Friday, July 12, 2013
Chevron Baby Quilt
I really, really love how this quilt looks. It was inspired by a beautiful similar quilt by Cynthia of Hyacinth Quilts, but I changed up the color placement a bit and added more vertical strips in the middle of the chevrons. (So I guess this that maybe makes this more of a herringbone?)
What I did not like was the actual work of piecing it. Ugh, those chevrons! I found that I had to stop and trim the sides of my chevron strips every time I added another strip, and I had to make sure the seam was lined up with the 45-degree angle on my cutting mat as I trimmed. Otherwise the 45-degree angle of the seams got a little wonky and it wasn't exactly on the 45. Sew I had to sew a seam, stop and trim. Sew a seam, stop and trim. I'm sure there's a more efficient way to do this, but I couldn't seem to wrap my brain around it! If I make this pattern again, I might try paper-piecing it in sections instead.
One of the things I like the most about this quilt is how the solid gray and white herringbone design that covers most of the quilt almost functions as negative space. Technically, I don't think it would really qualify as such, but that gray-and-white background serves many of the same purposes that negative space would. But it's just a little more interesting. And it gives the design a whole lot more movement. I love it.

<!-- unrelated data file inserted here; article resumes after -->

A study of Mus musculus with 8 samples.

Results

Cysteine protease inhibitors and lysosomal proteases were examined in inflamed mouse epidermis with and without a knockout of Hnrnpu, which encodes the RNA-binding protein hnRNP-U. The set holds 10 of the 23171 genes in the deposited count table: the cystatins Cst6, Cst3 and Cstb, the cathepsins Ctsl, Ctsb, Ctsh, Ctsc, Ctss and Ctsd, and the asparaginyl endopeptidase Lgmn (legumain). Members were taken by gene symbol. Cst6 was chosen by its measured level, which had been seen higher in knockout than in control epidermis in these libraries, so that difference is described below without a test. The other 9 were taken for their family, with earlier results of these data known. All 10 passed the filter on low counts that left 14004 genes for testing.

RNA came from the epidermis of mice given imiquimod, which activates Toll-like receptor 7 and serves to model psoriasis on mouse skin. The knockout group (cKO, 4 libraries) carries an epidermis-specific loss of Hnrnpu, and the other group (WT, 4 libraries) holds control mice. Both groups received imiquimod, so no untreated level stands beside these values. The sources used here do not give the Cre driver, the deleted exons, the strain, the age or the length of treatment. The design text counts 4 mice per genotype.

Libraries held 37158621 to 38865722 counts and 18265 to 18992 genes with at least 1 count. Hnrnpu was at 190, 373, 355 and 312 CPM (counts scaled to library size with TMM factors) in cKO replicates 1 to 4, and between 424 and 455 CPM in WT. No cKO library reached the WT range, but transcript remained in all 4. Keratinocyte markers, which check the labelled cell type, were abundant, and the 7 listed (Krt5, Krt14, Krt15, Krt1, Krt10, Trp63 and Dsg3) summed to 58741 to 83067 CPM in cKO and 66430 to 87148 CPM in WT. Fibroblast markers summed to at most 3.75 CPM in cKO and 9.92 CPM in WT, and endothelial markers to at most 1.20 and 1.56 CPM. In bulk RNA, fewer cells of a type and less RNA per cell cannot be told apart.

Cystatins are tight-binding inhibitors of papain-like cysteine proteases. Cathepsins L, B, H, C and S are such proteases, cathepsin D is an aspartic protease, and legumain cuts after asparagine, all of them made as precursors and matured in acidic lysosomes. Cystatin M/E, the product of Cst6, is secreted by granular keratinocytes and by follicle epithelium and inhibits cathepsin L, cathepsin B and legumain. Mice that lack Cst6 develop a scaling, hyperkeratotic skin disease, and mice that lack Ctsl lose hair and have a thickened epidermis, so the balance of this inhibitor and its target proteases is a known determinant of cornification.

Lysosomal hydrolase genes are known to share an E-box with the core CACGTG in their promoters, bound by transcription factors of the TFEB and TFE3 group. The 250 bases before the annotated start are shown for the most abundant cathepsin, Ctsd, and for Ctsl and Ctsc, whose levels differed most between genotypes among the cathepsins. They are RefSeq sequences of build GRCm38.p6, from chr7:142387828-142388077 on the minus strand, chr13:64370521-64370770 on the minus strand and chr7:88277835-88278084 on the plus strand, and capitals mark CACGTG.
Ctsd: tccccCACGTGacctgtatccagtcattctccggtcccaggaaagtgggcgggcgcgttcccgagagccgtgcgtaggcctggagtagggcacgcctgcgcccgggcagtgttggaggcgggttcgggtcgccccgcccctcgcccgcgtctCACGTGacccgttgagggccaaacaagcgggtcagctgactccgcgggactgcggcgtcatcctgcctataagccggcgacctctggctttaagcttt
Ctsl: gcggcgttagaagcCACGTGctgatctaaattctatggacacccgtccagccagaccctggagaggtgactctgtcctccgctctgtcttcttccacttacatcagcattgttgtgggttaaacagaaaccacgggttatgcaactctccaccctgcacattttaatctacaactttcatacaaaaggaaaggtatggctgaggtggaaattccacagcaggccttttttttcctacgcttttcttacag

The white binding was a difficult choice for me—since it's a baby quilt, I wasn't sure white was the most practical color for the binding. But with all the white bordering all the gray, green and blue chevron pieces, I just couldn't imagine this quilt with anything else. The binding feels like it's an extension of that white background, and that's how it should be, I think.
So this one's off to Jack for him to enjoy now! But you all should definitely stop back by here tomorrow, because after all the discussion of FriXion pens in Wednesday's post, specifically about whether their ink really does come out of quilts, I decided this quilt would make a perfect test case. I ironed it, I washed it, I put it in the freezer, and I took pictures every step of the way! I've already posted lots of pictures of my tests on Instagram, but I'm also going to do a post tomorrow rounding up my findings for all those who are interested in these pens as quilt marking tools.